How To Talk To Your Partner If You Want To Try Dating Or Hooking Up with Someone Else


"Traditional monogamy is the default option in our society, but people forget how daunting an expectation it can be, especially since we expect our partner to fulfill all our needs until death," Brianna Rader, relationship and sex educator and founder of the Juicebox Sex & Relationship App, tells Bustle.

However, ethically non-monogamous relationships pose their own challenges and should be given careful consideration before you jump into them. You and/or your partner will likely have to learn to communicate better and deal with jealousy. It can also be an opportunity for growth, though, if you're prepared for that growth.

If you've thought about it and think you'd like to be able to date or hook up with someone else, here's how to bring it up with your partner.

Test The Waters By Talking About It In The Abstract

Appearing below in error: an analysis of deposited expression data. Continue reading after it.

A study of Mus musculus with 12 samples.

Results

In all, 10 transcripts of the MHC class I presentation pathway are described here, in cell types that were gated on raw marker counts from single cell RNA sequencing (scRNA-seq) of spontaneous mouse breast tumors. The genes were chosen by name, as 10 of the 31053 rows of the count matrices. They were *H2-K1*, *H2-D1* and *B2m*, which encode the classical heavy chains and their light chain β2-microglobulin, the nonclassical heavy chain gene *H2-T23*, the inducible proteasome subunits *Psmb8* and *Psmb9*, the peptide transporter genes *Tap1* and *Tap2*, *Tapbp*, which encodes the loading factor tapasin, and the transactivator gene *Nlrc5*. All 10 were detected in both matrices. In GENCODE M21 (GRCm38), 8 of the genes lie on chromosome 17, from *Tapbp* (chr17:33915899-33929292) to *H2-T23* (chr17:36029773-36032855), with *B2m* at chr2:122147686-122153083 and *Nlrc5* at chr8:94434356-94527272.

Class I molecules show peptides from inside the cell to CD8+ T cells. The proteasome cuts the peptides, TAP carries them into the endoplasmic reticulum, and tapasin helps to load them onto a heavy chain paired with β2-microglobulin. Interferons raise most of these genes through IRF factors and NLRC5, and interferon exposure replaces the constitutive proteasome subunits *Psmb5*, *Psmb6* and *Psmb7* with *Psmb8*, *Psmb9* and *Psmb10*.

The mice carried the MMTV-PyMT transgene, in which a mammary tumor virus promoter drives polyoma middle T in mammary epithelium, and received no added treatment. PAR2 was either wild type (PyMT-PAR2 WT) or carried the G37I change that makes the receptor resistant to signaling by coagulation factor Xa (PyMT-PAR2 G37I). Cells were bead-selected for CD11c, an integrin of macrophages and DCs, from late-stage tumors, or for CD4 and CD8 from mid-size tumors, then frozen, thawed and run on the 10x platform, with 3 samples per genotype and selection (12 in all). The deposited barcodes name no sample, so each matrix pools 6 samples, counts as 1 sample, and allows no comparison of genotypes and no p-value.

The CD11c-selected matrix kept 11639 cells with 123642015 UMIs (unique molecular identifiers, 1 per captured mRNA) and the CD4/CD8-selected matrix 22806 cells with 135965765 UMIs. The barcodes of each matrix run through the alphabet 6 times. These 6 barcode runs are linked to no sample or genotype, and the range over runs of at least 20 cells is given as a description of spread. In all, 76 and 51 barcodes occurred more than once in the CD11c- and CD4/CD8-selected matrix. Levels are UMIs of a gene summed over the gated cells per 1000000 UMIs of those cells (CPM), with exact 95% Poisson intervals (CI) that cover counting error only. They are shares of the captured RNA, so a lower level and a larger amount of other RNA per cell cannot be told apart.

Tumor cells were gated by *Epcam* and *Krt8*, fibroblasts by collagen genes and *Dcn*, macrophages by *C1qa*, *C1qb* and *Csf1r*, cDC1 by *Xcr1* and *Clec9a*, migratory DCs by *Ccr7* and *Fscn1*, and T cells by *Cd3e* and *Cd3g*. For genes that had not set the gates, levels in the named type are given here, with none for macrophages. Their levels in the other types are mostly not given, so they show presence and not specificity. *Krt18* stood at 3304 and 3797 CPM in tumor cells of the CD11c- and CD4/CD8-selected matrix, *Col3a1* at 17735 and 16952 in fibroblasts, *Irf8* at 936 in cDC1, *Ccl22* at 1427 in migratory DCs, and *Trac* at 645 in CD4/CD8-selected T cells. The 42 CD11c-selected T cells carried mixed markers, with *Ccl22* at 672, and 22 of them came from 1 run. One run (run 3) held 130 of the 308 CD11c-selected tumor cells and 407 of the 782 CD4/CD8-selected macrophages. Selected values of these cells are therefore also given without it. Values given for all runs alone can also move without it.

Set Aside Time To Talk


Establish General Boundaries


"It doesn't have to be said on a first date, but you can share your feelings around monogamy after a few dates or when discussing exclusivity," says Rader. "You could say, 'I've learned a lot from my past relationships and realize I'm not fulfilled by traditional monogamy. This doesn't mean I don't care a lot about you or that I don't want to pursue a relationship with you. I just want to be upfront that I will desire threesomes or an ethically monogamish relationship one day. We can discuss that together and figure out what the boundaries of the arrangement are."

Emphasize That It's Not About Them


Discuss The Specifics


After you come up with a plan that works for you both, continue discussing and reevaluating how each of you feels about it. Whatever agreement you come to, it's OK to change your mind.